The Indonesian government estimates that $187 billion needs to be invested in its upstream sector to meet its 2030 oil and gas production targets of 1 million barrels per day of oil and 12 billion cubic feet per day of gas. However, this target seems ambitious with major investors seeking to exit Indonesia’s oil and gas sector, unless the government can attract local conglomerates.
In 2020, oil production averaged 743,000 barrels per day, down 7.2% year-on-year and gas output was 63.2 billion cubic metres, down 6.8% year-on-year, data from BP’s Statistical Review of World Energy showed.
“The target of increasing national oil and gas production in 2030 is impossible to achieve if there is no increase in investment. An investment of around $187 billion is needed from 2021 to 2030,” Minister of Energy and Mineral Resources Arifin Tasrif said in a statement earlier this week.
He said that this translates to a yearly investment requirement of about $18 billion per year over the 10-year period. This means there is a large gap as realised investment has been averaging at $10 billion to $11 billion per year.
Arifin warned that increased global crude prices do not necessarily increase upstream oil and gas investment. As international oil companies are shifting their investment focus towards new and renewable energy sectors, making it harder for the oil and gas industry to attract investment.
Moreover, major foreign investors are already exiting Indonesia’s upstream oil and gas sector. The recently announced departure of ConocoPhillips extends the list of global oil and gas companies leaving Indonesia. ConocoPhillips divested its stake in the Corridor Block to local independent Medco Energi. TotalEnergies has already left, and Chevron is seeking to sell its Indonesia Deepwater Development (IDD), while Shell is trying to sell its share of the Masela project, also known as Abadi.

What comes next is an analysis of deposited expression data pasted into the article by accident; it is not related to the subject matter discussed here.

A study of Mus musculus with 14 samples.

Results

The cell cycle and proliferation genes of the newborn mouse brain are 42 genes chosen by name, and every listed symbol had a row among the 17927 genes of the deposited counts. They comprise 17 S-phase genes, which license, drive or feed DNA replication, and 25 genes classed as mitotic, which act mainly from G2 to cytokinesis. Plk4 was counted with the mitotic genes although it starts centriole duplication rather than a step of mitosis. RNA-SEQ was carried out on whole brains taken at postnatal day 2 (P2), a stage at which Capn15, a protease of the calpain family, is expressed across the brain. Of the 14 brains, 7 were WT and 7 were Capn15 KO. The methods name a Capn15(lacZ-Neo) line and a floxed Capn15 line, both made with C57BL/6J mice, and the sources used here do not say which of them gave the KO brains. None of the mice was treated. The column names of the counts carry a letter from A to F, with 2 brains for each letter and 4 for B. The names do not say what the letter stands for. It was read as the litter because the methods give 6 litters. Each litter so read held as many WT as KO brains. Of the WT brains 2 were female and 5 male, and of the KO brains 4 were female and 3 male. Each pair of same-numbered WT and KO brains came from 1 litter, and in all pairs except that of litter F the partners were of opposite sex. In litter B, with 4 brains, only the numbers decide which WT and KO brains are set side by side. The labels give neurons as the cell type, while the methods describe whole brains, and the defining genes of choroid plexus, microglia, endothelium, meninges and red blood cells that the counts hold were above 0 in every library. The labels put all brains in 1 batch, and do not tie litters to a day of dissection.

The departure of ConocoPhillips raises a myriad of questions, especially on the investment climate in Indonesia’s oil and gas sector. Pri Agung Rahmanto, an energy and petroleum economist at University Trisakti and founder of the Reforminer Institute, revealed that, over the past decade, the sector has kept getting less and less competitive than those of other countries.
As a result, Indonesia is unable to attract large-scale investments from major international oil companies (IOCs).
“Unfortunately, much of the blame is self-inflicted. Onerous regulations, controlled sales prices, PSC contracts that have not encouraged innovation, and, of course, corruption at all levels make it difficult to justify investing in the Indonesia petroleum sector. This can be reversed. But requires real commitment. Reputation takes a long time to re-establish,” Vivek Chandra, an LNG entrepreneur and chief executive of Texas LNG, said in a Linkedin post discussing the state of Indonesia’s upstream sector.
Peter Cockcroft, a veteran oil man in Southeast Asia, and now an advisor to governments, as well as corporations, suggested the government could make it attractive enough for the local Indonesian conglomerates to participate. “They certainly have the funds,” said Cockcroft.
“But they are unlikely to participate – because of the onerous fiscal terms levied on upstream oil and gas, which are not present in other sectors in Indonesia – such as the additional tax rate, ring fencing, and of course, the 10-15% chance of commercial success for exploration,” he added.
“I suggest that these groups should be the first targets for future investment, rather than the shrinking foreign marketplace,” he said.